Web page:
A POST-LOCKDOWN property sales boom is going on in parts of Scotland, solicitors have said.

Scottish homes have seen an increase in interest as workers previously based in offices can now work from home, and now seek a better quality of life.

The Highlands and Islands have been particularly popular, while North Ayrshire has also seen increased demand.

Solicitors say hundreds of inquiries have come from England while there has been “exceptional interest” from buyers based in Hong Kong.


He told BBC News: "In my 30 plus years in the property market, I have never seen the market so buoyant with so much pent up demand and so many buyers acting irrationally with offers way above the Home Report value for properties in the most desirable areas.

"English buyers are out-bidding many Scottish buyers. We are also seeing exceptional interest from buyers from Hong Kong."

McEwan added that there is now a waiting list for some homes on Arran.

He went on: "Buyers are mostly looking to buy in the Highlands for a better quality of life due to threats of Covid-19, and are paying off their mortgages with the higher sales prices that can be achieved in many parts of England for their houses."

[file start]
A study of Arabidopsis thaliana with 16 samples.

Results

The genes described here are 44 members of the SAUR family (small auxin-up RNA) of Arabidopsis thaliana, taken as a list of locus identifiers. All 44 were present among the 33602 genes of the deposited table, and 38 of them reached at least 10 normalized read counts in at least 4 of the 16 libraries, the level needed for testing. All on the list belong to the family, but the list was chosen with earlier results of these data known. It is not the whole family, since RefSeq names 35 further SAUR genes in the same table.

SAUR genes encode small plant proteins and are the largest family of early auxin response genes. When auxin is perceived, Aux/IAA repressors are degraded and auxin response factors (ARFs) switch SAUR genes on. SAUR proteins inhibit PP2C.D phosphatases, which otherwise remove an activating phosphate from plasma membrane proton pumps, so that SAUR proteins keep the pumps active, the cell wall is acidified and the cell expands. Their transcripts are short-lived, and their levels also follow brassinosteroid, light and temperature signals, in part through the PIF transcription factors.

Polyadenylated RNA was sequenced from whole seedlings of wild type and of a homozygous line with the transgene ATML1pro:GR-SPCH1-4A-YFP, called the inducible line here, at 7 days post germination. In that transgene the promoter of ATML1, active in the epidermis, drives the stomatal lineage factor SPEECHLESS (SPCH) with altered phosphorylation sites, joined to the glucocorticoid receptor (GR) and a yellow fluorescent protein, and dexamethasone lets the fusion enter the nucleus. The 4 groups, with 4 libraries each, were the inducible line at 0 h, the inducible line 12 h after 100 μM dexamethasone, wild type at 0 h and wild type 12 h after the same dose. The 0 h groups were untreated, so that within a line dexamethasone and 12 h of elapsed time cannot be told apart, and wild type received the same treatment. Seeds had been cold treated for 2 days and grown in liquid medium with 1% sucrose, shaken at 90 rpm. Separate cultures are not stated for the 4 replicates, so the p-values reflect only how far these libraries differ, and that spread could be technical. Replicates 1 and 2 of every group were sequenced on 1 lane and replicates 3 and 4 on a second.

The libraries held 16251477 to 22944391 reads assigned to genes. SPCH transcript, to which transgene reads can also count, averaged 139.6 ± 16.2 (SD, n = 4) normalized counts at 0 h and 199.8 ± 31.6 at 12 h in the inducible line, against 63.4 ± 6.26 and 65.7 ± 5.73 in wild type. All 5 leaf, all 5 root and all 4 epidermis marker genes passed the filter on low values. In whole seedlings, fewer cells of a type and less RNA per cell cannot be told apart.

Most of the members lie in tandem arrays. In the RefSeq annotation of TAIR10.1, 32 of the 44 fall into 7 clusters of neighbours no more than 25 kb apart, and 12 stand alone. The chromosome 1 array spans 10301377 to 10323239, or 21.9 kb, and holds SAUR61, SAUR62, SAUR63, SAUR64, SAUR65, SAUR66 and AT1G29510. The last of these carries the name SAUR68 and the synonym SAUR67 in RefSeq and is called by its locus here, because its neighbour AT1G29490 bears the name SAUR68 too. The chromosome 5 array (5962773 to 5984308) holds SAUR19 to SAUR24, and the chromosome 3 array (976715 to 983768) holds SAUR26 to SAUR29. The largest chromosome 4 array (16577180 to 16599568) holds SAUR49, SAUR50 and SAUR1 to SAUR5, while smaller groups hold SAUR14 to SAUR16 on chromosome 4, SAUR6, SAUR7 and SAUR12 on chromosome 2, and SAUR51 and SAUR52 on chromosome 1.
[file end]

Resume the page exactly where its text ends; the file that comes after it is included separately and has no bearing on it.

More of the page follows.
However, the solicitor said he expects the housing market to start to “seriously correct itself” in the coming months as furlough schemes end.

The manager of the Highlands Solicitors Property Centre, Bernadette Walker, said the coronavirus lockdown had showed workers they don’t need to be office-based, leading to the increased interest in Highlands living.

She said: "There has been a lot of south-of-the-Border interest in places up here.

"There have been a lot of people looking for extra outdoor space.

"Lots of people like the idea of living up here but because of reasons before they weren't able to.

"With things shifting so much, it has got people really thinking about what they can now do."